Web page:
Labour today warned that the reluctance by the Commerce Commission to challenge the growing market dominance of Sky TV was a weakening of its role to defend a competitive market, for the benefit of New Zealand consumers.
Labour’s Communications and IT spokesperson Clare Curran, said today’s decision by the Commerce Commission to approve Sky’s Igloo joint venture deal with Television New Zealand, allows Sky to further entrench its place as the dominant pay TV provider.
“The decision allows Sky to access a greater section of the New Zealand market by offering a cheaper version of its existing service,” Clare Curran said.
“Igloo does not represent a new provider. It’s a subset of the existing dominant provider. This shows a concerning development for New Zealand’s pay TV market.
“Labour does, however, welcome the Commerce Commission’s decision to investigate Sky’s content contracts with internet service providers, which will place a spotlight on the barriers to entry for new players.
“This has significant implications for the uptake of ultrafast broadband,” Clare Curran said.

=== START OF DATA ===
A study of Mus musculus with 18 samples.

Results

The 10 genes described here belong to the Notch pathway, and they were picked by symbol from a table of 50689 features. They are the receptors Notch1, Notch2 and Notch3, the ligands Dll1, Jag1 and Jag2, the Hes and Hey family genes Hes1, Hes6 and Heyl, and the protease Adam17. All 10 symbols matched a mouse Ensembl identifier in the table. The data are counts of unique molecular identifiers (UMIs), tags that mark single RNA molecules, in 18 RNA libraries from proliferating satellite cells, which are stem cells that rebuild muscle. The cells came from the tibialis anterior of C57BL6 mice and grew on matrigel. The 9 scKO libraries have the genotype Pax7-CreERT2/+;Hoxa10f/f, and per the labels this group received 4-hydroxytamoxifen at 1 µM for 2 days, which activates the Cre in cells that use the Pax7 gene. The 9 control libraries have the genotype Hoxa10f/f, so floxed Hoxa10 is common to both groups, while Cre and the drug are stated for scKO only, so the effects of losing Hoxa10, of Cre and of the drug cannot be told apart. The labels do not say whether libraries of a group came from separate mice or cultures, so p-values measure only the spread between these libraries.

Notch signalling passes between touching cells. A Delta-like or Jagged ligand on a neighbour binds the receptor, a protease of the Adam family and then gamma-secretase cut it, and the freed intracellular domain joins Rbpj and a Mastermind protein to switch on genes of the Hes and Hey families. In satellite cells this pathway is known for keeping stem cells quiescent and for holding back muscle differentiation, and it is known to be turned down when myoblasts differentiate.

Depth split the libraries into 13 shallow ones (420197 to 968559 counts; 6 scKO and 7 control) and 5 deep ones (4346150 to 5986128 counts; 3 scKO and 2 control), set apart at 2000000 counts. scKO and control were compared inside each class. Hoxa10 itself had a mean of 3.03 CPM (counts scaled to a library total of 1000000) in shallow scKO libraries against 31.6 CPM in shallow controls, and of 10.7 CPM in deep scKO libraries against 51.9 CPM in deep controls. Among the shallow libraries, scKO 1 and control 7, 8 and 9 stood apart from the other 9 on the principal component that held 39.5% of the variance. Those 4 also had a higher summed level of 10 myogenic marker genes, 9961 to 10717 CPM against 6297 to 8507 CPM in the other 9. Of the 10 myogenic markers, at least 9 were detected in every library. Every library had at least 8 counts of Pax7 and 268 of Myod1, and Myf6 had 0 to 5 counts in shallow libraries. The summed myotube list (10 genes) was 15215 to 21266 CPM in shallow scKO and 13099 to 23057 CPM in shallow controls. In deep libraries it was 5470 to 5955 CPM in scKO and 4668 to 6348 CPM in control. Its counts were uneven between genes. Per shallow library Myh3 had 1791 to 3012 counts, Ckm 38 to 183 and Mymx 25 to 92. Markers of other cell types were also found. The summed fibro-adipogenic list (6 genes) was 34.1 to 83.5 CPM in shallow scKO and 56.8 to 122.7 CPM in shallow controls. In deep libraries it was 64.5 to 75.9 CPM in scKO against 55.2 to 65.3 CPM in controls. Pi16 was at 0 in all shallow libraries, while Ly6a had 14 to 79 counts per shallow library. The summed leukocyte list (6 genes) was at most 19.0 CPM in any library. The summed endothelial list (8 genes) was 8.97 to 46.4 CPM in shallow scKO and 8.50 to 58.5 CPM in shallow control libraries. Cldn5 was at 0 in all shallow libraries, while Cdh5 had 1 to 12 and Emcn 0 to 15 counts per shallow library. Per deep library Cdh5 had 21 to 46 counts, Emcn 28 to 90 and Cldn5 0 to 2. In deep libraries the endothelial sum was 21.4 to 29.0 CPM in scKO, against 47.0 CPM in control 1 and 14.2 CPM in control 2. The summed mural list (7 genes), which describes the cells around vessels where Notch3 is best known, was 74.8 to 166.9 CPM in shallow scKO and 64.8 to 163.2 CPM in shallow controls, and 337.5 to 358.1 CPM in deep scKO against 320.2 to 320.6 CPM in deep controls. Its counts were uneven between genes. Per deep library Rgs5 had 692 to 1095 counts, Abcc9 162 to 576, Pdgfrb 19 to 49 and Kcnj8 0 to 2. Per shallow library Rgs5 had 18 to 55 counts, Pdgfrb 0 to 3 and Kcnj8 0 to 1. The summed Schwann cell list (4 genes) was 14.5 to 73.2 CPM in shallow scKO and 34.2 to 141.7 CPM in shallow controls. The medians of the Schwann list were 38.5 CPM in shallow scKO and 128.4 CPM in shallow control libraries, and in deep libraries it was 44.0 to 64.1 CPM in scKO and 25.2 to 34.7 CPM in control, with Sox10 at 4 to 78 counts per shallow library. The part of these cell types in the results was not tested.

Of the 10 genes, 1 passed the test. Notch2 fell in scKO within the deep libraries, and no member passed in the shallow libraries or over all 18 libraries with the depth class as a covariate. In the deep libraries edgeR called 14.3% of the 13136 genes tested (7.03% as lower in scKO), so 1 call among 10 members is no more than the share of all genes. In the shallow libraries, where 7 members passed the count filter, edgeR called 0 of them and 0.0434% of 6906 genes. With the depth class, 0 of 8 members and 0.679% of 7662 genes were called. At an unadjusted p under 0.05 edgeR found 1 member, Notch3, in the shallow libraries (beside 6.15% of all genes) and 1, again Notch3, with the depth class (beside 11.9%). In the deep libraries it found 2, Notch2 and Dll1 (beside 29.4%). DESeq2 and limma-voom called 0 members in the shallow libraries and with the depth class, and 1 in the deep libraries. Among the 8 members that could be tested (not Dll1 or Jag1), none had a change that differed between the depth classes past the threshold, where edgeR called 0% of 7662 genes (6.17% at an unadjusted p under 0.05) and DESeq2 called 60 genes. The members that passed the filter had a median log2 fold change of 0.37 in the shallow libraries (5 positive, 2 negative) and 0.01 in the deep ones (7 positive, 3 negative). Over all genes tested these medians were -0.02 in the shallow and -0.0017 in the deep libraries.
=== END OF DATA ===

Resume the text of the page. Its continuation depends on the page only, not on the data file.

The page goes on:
“Sky takes the view that there are no barriers to competition and that complaints are driven by its competitors. But there are widespread concerns - including from a range of independent commentators - that serious competition issues exist because of Sky’s market dominance.
“An inquiry by the Commerce Commission and the Telecommunications Commissioner into Sky’s contracts and commercial arrangements, with all cards on the table, would show who was right.
“There are also growing concerns about the possible decision not to re-appoint Ross Patterson as Telecommunications Commissioner.
“Mr Patterson is respected across the industry and a decision not to re-appoint him would send another strong signal that the competition watchdog role was being de-valued.
“There is also speculation that the office of the Telecommunications Commissioner will be merged into the Commerce Commission, further weakening its role. This would be a disaster for the telecommunications industry at a particularly significant time,” Clare Curran said.